The Fresh Loaf

News & Information for Amateur Bakers and Artisan Bread Enthusiasts

Whole Wheat - Sourdough

charbono's picture
charbono

Whole Wheat - Sourdough

 


In my area of northern California, I can choose from plenty of whole wheat breads and plenty of sourdough breads, but virtually no combinations thereof.  Any ideas why not?


 

SulaBlue's picture
SulaBlue

I've always thought of California as very 'granola' - you'd think if anyone would have it, it'd be CA. Then again, maybe they're just too hung up on their world-famous SanFran whitebread sourdough?


There's plenty of whole grain sourdough recipes here on TFL, that's for sure. Granted, they take even more time (though not necessarily more work) than a white bread sourdough. Maybe that's why they're not common in bakeries?

Debra Wink's picture
Debra Wink

But Dave Miller does it well. How close are you to Chico?


Click here: Miller's Bake House - Bread Products :: Butte County Bakery and Bread



Just to make it difficult, the nutrition oriented baker will want to use only the freshest whole grain flour and as the leading baker in the country at the moment (in my opinion that is, Dave Miller of the Millers Bakery, Chico CA), says, he wants his mill to drop the flour directly into the mixing bowl, not only fresh but still wriggling with life forces! This cuts against the grain of everything that industry has been researching and doing for the past century, but I have never had better bread.   -Alan Scott



Brick Oven Listserver: Re: Whole Grain vs.

althetrainer's picture
althetrainer

As a sourdough newbie, I have to say I have more difficulty using whole wheat flour with my sourdough starter than using unbleached flour.  Just a few days ago, I made a small loaf of cottage cheese dill bread using 50/50 flour blend.  It turned out great.  Today, I decided to venture with 75% whole wheat but the dough was not as forgiving as the previous loaf.  I thought with 25% of unbleached flour I didn't need any vital wheat gluten but my new loaf turned out much smaller and with uneven tension on the surface.  The bread smells good and I am sure it tastes good too (still hot) but I know the volume and appearance can be improved.  Maybe I should use vital wheat gluten in a loaf that contains 50% or more wheat flour. 


The thought of freshly ground wheat flour is interesting.  I have a grain mill so I will try using freshly ground wheat flour next time to see if that will make any difference.





charbono's picture
charbono

 


Making whole wheat sourdough bread involves a certain problem.  The microbes in sourdough favor a long fermentation, whereas the enzymes in whole wheat favor a short one.  There are resolutions to the problem, but they are beyond the scope of this thread.


 


Whole wheat and sourdough are both "natural", with a lot of fans.  One would think there would be demand for the combination, but mass demand doesn't seem to be there.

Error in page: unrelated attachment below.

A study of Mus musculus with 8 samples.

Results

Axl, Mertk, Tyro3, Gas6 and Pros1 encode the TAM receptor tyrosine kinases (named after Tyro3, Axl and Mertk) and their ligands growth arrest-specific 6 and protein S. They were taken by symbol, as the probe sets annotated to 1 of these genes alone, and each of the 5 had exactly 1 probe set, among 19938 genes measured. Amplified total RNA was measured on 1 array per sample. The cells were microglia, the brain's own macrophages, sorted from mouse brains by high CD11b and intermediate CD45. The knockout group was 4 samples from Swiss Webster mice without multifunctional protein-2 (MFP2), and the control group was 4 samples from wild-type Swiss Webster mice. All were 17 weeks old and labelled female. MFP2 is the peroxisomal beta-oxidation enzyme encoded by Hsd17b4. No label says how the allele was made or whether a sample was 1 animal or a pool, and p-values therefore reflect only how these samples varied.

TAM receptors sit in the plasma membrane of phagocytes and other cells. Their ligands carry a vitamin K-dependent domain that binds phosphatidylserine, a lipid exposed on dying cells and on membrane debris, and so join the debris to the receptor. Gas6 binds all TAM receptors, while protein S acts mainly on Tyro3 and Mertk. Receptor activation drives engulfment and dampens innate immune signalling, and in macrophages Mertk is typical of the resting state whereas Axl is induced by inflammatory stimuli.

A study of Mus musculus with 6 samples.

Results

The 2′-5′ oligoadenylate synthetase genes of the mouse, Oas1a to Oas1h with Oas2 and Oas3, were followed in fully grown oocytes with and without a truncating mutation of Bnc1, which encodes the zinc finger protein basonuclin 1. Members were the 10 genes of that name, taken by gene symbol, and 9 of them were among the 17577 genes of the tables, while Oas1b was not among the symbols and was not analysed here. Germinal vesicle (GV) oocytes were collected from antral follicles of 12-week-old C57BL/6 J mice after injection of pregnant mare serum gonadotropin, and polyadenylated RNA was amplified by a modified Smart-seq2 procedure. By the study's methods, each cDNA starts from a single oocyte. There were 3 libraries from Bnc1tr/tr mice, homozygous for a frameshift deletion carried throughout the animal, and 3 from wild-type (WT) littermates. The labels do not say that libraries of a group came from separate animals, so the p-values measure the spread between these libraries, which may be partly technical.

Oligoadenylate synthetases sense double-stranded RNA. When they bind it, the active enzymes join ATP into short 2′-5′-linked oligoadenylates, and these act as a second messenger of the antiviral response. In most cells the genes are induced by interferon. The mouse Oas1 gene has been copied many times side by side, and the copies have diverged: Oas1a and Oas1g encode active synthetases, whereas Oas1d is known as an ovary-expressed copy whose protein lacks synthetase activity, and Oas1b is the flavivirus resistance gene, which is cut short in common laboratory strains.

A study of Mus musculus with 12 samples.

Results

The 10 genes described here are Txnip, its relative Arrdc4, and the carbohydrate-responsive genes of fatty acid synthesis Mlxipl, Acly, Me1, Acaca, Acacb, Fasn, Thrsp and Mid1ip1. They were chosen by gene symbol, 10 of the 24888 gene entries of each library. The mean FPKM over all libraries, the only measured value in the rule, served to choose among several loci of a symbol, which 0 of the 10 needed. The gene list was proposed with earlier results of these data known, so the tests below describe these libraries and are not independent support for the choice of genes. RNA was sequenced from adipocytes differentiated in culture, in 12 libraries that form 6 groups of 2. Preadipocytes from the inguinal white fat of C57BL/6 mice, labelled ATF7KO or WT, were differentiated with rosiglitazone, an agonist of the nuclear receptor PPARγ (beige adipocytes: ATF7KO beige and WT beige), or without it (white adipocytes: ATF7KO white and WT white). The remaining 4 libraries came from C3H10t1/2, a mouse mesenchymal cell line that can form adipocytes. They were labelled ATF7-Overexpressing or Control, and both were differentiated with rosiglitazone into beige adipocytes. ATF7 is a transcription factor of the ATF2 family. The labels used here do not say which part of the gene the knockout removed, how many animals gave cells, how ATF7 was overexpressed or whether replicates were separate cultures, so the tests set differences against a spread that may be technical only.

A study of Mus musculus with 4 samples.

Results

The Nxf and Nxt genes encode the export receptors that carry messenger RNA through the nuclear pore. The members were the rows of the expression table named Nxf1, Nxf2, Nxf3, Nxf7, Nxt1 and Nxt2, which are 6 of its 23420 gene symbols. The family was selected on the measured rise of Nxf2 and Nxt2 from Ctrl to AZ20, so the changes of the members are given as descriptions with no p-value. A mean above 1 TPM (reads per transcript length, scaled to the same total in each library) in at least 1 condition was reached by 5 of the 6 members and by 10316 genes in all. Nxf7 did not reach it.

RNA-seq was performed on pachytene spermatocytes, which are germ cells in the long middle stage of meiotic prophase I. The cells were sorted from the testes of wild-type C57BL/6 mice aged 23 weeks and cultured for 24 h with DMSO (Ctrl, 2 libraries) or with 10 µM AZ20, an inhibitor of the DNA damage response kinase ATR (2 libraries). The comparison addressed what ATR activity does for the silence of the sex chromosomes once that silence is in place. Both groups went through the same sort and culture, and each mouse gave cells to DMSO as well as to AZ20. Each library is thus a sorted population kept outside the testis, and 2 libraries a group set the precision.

I've noticed that some of the most successful whole wheat breads have added sweetener or have very, very fresh flour.  Sourdough would tend to obscure both sweetness and freshness.  Could it be that the WW/sourdough combo simply ends up highlighting bran, which doesn't taste very good?


 


cb

Debra Wink's picture
Debra Wink

it tastes very good :-)

SulaBlue's picture
SulaBlue

Has a couple of whole-grain sourdoughs, though I haven't as of yet located one that's strictly whole wheat.


Whole Grain Sourdough


http://www.breadtopia.com/whole-grain-sourdough/


Whole Spelt Sourdough


http://www.breadtopia.com/2009/04/02/spelt-bread-recipe/

Brian B's picture
Brian B

Whole wheat sourdough is something I've been trying to get good at for a few years now.  About a year ago I was fortunate enough to attend a class taught by Dave Miller in San Francisco.  I second the motion that you should try his bread if you are in his area.  He really knows what he is doing - he makes outstanding bread.  Some of the helpful things I learned from his class are:


Use freshly ground flour.


Time: everything happens faster with whole grains.  Fermentation and proofing times are shorter than for white flour.  If I overferment I find the bread too sour for my taste.


Hydration: In the class, Dave used an insanely high hydration level for his recipe - something like 100%.  To compensate for my lesser shaping skills, when I make it I cut back by 10% or so to have any chance of getting a hearth loaf with good shape.  High hydration results in a nice open crumb.


One recipe I highly recommend is Suas' Honey Wheat Pan Bread (Advanced Bread and Pastry).  It is also high hydration (>80%) but uses bread pans resulting in good shape.  In addition to sourdough levain, it uses a small amount of instant yeast but I suspect you can get good results omitting this and extending the fermentation time a bit.  Anyway, this is a great sandwich bread, and because of the sourdough it has a long shelf life.


 

LeadDog's picture
LeadDog

I also have been making whole wheat sourdough from fresh stone ground flour for about two months now.  I agree with the high hydration and currently am at 92% hydration.  The dough feels a lot less that a Ciabatta at 80% so I do believe I could go to even a higher hydration if I wanted to.  I don't know if I ever made a 100% whole wheat sourdough but I know I made a 90% whole wheat and a 10% rye.  My fermentations are done at room temperature and during winter were about 24 hours but now with spring it is down to 18 hours.  I don't get an overly sour loaf and it is full of wonderful flavor.  Here is a crumb shot of a loaf I just did that is 85% whole wheat.


Yerffej's picture
Yerffej

As I look at the picture of the crumb I am wondering what the white creamy colored spots are and also what the darker spots are?


Jeff

LeadDog's picture
LeadDog

I have some pumpkin seeds and pinenuts in that loaf.